The Chinese electronics manufacturing giant, Foxconn, generated revenue of almost $60 billion in 2010. Without a doubt, this is possible due to their wide portfolio of high-paying clients. Among their clients you will find Apple, Microsoft, Nintendo, Acer, Dell and Nokia, just to name a few.
Certainly, Foxconn has been making several devices for Apple in the last years. The company has been in the news several times due to their less-than decent working environment. Their plants happen to be located in Shenzhen, and their employees are allegedly forced to work long hours.
But perhaps Foxconn has found a way to avoid this type of allegations: replace their employees. This is not about letting them go and rehiring, but rather have something else do the job. Foxconn has announced that within three years, they will have one million robots working in their plant. However, this doesn’t sound too far from what currently goes on at the plant. Foxconn counts with 10,000 robots that do the job of 1.2 million employees.
Among the “responsibilities” – or mere tasks – that the robots will be performing are assembling the product parts together, welding and spraying whenever it’s needed.
Even though this sounds harsh in the sense that workers will be simply replaced, Foxconn’s very own CEO, Terry Gou, has stated that they see this process as a way to give more importance to their workers. They are looking into upgrading their employees’ responsibilities into something more appreciated, which doesn’t have to do with the actual manufacturing of the product.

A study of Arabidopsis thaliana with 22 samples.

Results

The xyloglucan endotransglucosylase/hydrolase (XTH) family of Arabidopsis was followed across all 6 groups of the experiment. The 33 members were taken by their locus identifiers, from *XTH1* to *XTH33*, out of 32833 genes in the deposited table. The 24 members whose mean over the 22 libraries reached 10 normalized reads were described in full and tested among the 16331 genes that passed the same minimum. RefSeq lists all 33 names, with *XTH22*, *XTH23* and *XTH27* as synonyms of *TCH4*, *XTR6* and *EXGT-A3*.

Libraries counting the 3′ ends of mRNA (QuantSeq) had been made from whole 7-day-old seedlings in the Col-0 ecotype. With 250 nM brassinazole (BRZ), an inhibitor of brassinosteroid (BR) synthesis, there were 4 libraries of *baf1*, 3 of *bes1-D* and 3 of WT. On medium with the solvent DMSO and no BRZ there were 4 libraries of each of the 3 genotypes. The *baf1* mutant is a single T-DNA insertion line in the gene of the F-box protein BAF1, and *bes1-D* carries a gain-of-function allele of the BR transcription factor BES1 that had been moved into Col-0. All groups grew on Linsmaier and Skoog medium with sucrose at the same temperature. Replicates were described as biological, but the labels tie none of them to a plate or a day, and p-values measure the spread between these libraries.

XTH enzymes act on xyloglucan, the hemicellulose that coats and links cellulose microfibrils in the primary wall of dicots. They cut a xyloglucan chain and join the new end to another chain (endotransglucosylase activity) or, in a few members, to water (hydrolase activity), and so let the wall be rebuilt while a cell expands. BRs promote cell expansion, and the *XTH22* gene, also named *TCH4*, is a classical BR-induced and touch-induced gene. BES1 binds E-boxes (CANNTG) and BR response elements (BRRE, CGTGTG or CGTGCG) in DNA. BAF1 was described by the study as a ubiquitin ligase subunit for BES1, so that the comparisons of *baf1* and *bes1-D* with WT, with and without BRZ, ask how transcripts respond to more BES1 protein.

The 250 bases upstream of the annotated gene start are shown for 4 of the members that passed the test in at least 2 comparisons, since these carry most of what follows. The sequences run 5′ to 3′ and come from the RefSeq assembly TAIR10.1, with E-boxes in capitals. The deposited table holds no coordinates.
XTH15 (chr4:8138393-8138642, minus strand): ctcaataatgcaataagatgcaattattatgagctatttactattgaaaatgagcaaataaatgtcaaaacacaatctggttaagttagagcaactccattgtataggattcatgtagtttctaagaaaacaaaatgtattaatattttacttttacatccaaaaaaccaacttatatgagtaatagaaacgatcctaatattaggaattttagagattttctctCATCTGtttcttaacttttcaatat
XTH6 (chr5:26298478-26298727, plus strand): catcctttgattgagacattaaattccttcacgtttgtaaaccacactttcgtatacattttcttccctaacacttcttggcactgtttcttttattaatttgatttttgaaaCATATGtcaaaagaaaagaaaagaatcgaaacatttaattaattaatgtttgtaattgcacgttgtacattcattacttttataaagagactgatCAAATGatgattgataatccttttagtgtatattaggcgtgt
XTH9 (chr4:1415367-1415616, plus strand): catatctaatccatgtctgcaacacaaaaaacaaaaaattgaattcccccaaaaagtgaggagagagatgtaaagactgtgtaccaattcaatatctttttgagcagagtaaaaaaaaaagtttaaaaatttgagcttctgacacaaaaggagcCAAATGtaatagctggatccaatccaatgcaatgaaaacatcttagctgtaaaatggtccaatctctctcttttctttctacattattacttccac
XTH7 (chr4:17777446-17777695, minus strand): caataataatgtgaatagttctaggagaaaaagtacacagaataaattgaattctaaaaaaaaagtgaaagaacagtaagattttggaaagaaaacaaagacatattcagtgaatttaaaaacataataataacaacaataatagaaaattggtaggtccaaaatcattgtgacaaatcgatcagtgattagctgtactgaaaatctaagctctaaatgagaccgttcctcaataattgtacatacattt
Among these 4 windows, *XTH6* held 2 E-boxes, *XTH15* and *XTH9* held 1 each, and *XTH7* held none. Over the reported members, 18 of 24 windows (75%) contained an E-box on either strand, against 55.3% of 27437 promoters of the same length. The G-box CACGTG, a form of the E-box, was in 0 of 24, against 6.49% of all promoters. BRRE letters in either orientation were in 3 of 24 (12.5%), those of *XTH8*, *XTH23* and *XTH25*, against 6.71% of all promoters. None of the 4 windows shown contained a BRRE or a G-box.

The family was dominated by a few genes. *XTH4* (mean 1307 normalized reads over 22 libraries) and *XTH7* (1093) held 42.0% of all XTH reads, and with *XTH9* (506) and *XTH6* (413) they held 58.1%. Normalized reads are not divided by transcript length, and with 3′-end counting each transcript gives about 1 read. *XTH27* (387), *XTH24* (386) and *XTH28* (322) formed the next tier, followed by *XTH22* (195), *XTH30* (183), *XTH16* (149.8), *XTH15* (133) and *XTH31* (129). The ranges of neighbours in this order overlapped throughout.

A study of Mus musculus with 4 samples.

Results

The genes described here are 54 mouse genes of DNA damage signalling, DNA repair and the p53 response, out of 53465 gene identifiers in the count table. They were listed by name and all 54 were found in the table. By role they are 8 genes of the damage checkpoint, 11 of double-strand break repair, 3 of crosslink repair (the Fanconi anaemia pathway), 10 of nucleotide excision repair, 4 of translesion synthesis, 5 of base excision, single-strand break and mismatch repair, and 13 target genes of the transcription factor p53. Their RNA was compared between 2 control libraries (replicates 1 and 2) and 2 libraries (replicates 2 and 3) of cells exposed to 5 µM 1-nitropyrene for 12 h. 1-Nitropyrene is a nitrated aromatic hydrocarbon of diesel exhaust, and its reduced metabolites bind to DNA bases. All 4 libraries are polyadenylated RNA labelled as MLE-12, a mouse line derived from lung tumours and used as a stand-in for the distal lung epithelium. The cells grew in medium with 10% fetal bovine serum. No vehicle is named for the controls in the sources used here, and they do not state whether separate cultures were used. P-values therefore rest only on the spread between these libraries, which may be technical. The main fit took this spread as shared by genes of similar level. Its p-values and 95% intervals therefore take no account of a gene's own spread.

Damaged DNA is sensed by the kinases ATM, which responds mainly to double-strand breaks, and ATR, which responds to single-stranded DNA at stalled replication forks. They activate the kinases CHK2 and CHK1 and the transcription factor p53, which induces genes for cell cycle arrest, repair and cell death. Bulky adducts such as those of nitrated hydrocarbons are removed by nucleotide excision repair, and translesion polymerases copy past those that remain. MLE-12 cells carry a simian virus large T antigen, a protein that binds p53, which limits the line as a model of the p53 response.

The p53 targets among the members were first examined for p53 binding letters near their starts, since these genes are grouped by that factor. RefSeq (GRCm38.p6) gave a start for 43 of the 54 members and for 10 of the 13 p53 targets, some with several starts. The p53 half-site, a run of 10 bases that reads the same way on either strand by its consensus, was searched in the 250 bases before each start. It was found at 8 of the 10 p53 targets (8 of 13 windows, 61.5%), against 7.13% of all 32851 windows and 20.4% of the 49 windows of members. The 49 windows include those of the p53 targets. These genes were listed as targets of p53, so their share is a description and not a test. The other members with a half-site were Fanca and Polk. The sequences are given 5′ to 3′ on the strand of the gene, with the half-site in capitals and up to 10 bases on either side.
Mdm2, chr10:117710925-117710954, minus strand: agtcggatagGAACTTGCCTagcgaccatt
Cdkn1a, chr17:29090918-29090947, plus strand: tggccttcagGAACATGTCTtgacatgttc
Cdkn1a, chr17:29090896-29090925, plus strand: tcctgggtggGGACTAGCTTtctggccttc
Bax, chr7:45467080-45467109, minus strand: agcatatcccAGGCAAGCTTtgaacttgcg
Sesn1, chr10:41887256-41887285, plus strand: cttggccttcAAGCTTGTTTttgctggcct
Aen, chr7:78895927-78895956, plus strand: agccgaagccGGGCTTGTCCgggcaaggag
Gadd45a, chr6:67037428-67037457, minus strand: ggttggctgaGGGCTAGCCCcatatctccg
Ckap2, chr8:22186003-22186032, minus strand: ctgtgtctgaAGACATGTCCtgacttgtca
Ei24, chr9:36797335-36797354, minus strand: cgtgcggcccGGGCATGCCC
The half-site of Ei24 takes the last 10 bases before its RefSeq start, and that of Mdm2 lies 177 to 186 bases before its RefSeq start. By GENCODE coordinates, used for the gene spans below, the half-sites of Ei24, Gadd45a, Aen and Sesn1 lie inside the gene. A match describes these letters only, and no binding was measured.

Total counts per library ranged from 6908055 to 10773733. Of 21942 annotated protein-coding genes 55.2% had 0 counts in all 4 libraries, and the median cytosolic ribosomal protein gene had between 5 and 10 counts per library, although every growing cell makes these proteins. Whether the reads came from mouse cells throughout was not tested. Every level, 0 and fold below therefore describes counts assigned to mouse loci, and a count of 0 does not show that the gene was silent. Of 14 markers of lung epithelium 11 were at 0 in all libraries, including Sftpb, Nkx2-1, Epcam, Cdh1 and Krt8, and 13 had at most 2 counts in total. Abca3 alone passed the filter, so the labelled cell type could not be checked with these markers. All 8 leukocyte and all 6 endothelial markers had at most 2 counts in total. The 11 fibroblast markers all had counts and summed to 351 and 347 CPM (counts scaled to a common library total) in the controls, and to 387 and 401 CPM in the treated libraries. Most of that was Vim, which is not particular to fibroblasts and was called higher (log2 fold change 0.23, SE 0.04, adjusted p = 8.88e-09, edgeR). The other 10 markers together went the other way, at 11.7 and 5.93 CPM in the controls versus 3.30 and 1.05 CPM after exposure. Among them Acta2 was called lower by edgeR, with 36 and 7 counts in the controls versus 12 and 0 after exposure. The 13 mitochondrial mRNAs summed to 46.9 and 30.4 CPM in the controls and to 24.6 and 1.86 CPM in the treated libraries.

Gou added that this will contribute to the bettering of the working condition of all of their employees. In addition, Foxconn will be capable of delivering high-end products. This is rather an important statement, given that records show that 17 Foxconn workers have committed suicide because of the poor working environment at the plant.
Sadly enough, this type of mistreatment is quite common in China, especially in the electronics industry. Foxconn might be the first to step up and improve these conditions in order to keep clients, such as Apple and Microsoft, content. Recently, they have adjusted their overtime hours to meet the requirements stated in China’s labor laws.
Nonetheless, Foxconn ought to remember that robots and human beings aren’t supposed to work in the same area. This is in order to ensure the safety of the worker and to reduce the risk of injury. Robots are certainly not intelligent, and they can’t sense when a person is close to them. However, it seems that Foxconn is already working on having this problem resolved.
Having in mind that the company is looking to have 1 million robots in three years, it becomes difficult to think these robots will be working alongside humans. Even though the company has stated that they are looking to promote or upgrade their current employees, it sounds easier, simpler and cheaper to lay them off.
Only time will prove, or disapprove, Foxconn’s promise to their workers.